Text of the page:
Seven Variants Linked to Developmental Disorders

Credit: Ksenia Chernaya/ Pexels

The study, by researchers at the Wellcome Sanger Institute, the Wellcome Centre for Human Genetics at the University of Oxford, the University of Exeter, National Center for Cardiovascular Research (CNIC) in Madrid, and Imperial College London, found mutations in the non-coding regions of DNA that cause developmental disorders in children, giving 10 families a named diagnosis.

The paper, published in the American Journal of Human Genetics, identified seven variants that were previously unknown that cause developmental disorders, and six of these impacted the gene MEF2C. By also identifying two of these variants in other patient groups, the researchers were able to give a diagnosis to multiple families, ending the ‘diagnostic odyssey’ that many patients and their families face.

Globally, around 400,000 babies are born every year with new, spontaneous DNA changes – known as de novo mutations – that interfere with their development. These developmental disorders can lead to conditions such as intellectual disability, epilepsy or heart defects.

De novo mutations in genes that create proteins are a well-established cause of developmental disorders, but to date many of the genes linked to these disorders remain unknown. Every person is born with around 60 de novo mutations on average, though the vast majority do not lead to health problems.

It is a huge advantage to a patient and their family to know the genetic cause of their disorder. Not only does it provide answers, but it also allows risk prediction for other family members and potentially a gateway into personalised treatment. Given this, the majority of patients with developmental disorders will undergo genetic testing as part of their clinical care, however, this leads to a genetic diagnosis in fewer than half of cases. This genetic testing normally identifies any variants that occur in the parts of the genome that code directly for proteins.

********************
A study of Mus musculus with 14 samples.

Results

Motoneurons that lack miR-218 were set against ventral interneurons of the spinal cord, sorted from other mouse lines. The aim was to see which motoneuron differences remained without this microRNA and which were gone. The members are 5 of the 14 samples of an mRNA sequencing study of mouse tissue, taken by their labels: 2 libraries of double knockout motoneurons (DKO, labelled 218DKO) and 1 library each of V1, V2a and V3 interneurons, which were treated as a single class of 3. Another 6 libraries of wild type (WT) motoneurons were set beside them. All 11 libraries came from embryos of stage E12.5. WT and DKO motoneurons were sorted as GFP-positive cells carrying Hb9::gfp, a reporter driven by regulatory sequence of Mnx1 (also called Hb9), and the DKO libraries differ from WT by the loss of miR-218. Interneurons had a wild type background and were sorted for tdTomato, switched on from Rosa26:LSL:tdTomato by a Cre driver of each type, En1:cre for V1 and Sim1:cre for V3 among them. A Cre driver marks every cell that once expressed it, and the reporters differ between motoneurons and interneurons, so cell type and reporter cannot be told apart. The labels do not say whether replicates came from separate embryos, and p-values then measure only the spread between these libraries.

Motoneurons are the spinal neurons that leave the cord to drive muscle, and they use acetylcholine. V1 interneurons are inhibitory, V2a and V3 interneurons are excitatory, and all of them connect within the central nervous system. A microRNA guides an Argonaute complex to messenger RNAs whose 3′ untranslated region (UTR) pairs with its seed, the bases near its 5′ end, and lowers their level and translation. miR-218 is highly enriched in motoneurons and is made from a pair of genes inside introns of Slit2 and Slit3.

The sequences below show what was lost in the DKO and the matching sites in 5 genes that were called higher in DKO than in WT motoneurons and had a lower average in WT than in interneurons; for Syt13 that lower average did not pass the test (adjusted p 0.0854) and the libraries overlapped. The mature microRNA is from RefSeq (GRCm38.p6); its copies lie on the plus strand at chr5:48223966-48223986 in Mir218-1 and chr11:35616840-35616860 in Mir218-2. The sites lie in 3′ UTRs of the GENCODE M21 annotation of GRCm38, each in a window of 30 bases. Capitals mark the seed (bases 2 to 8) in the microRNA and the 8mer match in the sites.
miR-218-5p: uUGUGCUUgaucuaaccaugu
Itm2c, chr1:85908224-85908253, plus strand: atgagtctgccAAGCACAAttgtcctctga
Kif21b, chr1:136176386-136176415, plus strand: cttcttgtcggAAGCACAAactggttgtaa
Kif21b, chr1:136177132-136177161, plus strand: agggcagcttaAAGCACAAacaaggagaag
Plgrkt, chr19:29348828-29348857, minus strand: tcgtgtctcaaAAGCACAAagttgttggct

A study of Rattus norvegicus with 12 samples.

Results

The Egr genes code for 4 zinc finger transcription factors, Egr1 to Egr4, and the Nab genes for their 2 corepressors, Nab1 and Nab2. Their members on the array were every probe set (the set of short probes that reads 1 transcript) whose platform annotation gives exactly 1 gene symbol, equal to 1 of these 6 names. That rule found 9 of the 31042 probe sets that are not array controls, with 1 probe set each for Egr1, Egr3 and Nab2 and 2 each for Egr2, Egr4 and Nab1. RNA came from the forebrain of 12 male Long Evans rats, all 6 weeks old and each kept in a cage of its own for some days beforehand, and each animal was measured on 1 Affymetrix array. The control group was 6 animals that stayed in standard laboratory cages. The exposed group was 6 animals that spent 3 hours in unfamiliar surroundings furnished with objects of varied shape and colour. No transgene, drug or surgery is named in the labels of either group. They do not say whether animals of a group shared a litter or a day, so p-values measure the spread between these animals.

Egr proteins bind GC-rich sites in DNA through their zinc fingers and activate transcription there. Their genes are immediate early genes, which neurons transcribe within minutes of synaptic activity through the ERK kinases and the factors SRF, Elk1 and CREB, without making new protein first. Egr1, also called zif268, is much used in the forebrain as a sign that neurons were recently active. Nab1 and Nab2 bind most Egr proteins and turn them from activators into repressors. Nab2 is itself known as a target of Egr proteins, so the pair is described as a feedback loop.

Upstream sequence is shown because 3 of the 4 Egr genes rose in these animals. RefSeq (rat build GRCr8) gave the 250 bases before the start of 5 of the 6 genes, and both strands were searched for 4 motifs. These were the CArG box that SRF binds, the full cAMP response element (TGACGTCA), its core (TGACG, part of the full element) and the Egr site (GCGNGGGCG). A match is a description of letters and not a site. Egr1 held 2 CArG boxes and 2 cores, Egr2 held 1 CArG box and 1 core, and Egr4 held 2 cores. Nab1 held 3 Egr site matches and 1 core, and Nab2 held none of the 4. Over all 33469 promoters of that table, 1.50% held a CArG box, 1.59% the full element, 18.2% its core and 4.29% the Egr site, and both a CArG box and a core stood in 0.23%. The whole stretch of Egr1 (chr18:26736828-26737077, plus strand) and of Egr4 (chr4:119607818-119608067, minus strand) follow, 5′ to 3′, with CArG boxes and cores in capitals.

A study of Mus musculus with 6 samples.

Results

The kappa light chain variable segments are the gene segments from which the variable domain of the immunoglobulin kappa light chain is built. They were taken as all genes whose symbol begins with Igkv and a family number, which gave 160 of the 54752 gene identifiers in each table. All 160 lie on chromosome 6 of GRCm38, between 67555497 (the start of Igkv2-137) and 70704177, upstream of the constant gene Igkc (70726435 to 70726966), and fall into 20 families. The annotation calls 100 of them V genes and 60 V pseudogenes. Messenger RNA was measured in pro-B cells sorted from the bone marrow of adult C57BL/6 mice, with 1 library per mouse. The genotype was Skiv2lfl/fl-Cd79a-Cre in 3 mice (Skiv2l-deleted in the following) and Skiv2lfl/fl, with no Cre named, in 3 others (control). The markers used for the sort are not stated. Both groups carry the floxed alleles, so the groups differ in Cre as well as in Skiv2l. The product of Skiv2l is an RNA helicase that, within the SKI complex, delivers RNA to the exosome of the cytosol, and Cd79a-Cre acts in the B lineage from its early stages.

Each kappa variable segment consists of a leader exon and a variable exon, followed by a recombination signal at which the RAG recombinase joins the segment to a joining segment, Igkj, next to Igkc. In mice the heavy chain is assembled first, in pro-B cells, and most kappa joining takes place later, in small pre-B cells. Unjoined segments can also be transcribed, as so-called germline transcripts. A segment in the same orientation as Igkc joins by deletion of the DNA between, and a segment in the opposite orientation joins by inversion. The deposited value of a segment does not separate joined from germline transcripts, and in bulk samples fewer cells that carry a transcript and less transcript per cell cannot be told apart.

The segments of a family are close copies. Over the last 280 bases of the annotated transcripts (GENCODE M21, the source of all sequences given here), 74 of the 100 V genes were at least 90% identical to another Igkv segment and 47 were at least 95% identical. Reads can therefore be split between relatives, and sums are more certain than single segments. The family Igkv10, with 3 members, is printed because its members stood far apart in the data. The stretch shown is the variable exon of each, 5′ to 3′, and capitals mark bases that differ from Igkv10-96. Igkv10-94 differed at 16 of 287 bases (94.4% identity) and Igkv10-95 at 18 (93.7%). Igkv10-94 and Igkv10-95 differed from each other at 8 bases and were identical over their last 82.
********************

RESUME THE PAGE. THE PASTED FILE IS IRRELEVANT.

Ongoing initiatives, such as the Deciphering Developmental Disorders (DDD) study, have discovered associated genes by looking for patterns in the genomes of children with these disorders and comparing these to their parents’ genomes.

In this study, which is part of the wider DDD study, the teams looked in regions of the genome that are immediately adjacent to protein-coding regions, known as untranslated regions, or UTRs.

These regions are not coded into the final protein, but instead regulate processes; such as controlling how much protein is made, when it stops and where the protein ends up in the cell.

Through computational and lab-based methods, researchers identified six variants in the UTRs that impacted the gene MEF2C, either by changing the levels of gene expression, reducing the amount of protein produced or disrupting the function of the MEF2C protein.

By identifying further genetic links to developmental disorders, it is possible to give more people a diagnosis and an understanding of their condition, which can help family planning, as well as potentially opening up new treatment plans and support. This study has highlighted how important it is to look into UTRs and to possibly include them in routine clinical screening. It could also encourage more researchers to have another look at their existing data, possibly finding more important genetic variants in previously unanalysed UTRs.

Reference: Wright CF, Quaife NM, Ramos-Hernández L, et al. Non-coding region variants upstream of MEF2C cause severe developmental disorder through three distinct loss-of-function mechanisms. Am. J. Hum. Genet. 2021;0(0). doi: 10.1016/j.ajhg.2021.04.025

This article has been republished from the following materials. Note: material may have been edited for length and content. For further information, please contact the cited source.